Anger: The Good, The Bad, The Destructive

Day 6 of 8 • This day’s reading


The Righteous Anger of Christ

Perhaps one of the best-known examples of anger in the Bible is the righteous anger of Jesus in an incident known as the cleansing of the temple (see Matt. 21:12-13). The temple was the center for all Jewish worship. Everything about Jewish faith that was considered holy, beautiful, and meaningful had the temple as its focal point. At the heart of their worship was the sacrifice of animals and birds. These rituals were a sign of the Jews’ total dependency upon God and their total surrender to Him.

People who came to the temple seeking to keep the Law and make a sacrifice had to purchase a lamb or dove with temple currency. They had to exchange regular currency for temple coins. But greedy high priests could set the exchange rate and price of the animals very high.

In Matthew 21, Jesus went to the temple to teach, heal, and worship. But what the Lord found there made Him so angry, He “drove out all those who were buying and selling in the temple, and overturned the tables of the money changers and the seats of those who were selling doves” (Matt. 21:12).

The high priests had made it impossible for the poor to enter the temple and worship God through sacrifice.

So Jesus drove them from the temple, saying, “It is written, ‘My house shall be called a house of prayer’; but you are making it a robbers’ den” (Matt. 21:13).

The Lord’s anger was motivated by the extortion in the temple and the damage it was doing. His righteous indignation was in opposition to the greedy, manipulative behavior of the religious authorities who were mistreating Israel’s poor.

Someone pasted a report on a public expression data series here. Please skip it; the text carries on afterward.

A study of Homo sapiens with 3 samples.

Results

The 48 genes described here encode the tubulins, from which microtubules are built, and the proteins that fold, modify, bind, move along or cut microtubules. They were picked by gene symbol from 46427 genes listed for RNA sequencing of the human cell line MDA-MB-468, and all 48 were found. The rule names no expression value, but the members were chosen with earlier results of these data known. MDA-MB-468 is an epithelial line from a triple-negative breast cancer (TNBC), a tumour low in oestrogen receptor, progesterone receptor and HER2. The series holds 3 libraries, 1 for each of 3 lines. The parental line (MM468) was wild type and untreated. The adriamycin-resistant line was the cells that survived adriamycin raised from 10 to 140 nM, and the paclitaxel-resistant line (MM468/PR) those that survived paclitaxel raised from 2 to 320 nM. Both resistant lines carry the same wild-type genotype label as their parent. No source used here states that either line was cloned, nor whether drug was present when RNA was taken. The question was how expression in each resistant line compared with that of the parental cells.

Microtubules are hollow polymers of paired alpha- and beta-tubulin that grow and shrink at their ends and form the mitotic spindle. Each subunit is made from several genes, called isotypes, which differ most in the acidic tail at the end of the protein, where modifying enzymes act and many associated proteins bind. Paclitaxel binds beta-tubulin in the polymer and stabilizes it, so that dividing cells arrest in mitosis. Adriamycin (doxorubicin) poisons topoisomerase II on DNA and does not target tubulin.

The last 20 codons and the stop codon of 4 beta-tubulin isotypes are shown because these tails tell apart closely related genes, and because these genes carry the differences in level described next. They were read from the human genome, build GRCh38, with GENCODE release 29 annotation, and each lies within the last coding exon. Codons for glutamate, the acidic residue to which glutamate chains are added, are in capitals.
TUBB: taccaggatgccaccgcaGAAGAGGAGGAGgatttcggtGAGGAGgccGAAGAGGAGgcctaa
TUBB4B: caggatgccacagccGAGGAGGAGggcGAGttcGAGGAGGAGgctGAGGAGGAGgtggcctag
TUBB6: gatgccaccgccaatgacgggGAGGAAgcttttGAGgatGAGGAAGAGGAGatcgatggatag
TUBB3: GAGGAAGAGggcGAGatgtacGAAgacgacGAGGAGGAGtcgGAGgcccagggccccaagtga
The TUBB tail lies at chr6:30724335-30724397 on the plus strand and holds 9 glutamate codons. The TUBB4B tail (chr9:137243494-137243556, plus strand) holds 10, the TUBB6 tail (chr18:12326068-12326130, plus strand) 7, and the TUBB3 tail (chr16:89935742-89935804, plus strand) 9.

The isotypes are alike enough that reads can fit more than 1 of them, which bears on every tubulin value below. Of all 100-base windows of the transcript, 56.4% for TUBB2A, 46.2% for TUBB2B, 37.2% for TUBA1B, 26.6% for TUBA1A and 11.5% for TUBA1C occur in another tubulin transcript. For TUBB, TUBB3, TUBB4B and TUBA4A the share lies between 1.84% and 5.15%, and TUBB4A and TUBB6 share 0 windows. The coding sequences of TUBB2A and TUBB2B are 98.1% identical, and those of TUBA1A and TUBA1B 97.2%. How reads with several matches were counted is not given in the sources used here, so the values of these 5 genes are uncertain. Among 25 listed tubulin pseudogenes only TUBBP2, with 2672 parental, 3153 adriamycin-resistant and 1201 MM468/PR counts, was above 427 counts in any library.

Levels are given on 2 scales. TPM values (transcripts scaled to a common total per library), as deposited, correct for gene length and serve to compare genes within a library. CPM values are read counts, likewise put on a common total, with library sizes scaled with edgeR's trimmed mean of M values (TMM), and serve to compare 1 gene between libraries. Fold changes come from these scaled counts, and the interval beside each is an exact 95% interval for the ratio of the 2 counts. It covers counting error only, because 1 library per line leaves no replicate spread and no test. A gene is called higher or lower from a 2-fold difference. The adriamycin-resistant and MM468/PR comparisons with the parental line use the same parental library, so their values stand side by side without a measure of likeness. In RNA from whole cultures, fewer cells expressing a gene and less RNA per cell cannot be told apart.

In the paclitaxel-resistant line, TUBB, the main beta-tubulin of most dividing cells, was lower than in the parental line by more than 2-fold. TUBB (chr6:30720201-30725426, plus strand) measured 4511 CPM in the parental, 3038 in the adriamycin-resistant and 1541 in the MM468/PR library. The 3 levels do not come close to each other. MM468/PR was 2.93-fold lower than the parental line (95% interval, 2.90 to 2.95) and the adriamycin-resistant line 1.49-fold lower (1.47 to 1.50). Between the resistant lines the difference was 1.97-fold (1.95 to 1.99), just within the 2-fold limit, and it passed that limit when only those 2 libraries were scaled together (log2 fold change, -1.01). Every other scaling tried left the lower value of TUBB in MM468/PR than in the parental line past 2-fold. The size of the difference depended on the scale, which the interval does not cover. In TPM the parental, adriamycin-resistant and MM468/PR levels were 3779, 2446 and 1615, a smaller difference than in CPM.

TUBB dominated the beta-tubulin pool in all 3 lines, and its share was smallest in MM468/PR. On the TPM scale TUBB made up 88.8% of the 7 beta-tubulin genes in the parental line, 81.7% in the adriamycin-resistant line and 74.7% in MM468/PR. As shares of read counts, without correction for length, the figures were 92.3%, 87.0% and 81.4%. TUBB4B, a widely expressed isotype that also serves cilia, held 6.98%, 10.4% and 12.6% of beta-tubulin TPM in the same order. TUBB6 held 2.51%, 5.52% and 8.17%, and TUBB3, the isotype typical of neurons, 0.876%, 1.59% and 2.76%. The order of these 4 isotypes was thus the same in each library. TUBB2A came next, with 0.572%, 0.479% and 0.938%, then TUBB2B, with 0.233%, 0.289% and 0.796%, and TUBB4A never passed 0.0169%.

What makes an angry expression or behavior justified? Justified anger is purposeful and beneficial to someone who is being mistreated, hurt, or taken advantage of. Justified anger always seeks to bring a situation or circumstance in line with God’s commandments and to further His kingdom on earth.

Unjustified anger is self-motivated and vengeful. It seeks to get even or destroy. It’s ultimately of no benefit to any person, although the angry person may think he’s reaping a temporary victory. Most anger these days is bad or unjustified because it’s centered only on the individual and what he or she wants.

Was Jesus’ anger justified in cleansing the temple? Absolutely. People were abusing the house of the Lord God, and chief priests and scribes were stealing, lying, and misusing their positions and privileges. And they were preventing a host of people from coming and worshiping at the temple.

Any time the Bible reveals anger in the Trinity, there’s a common, consistent reason for it. The anger comes from injustice and things that hurt God’s people. When the Lord gets angry, it’s always with a reason and purpose.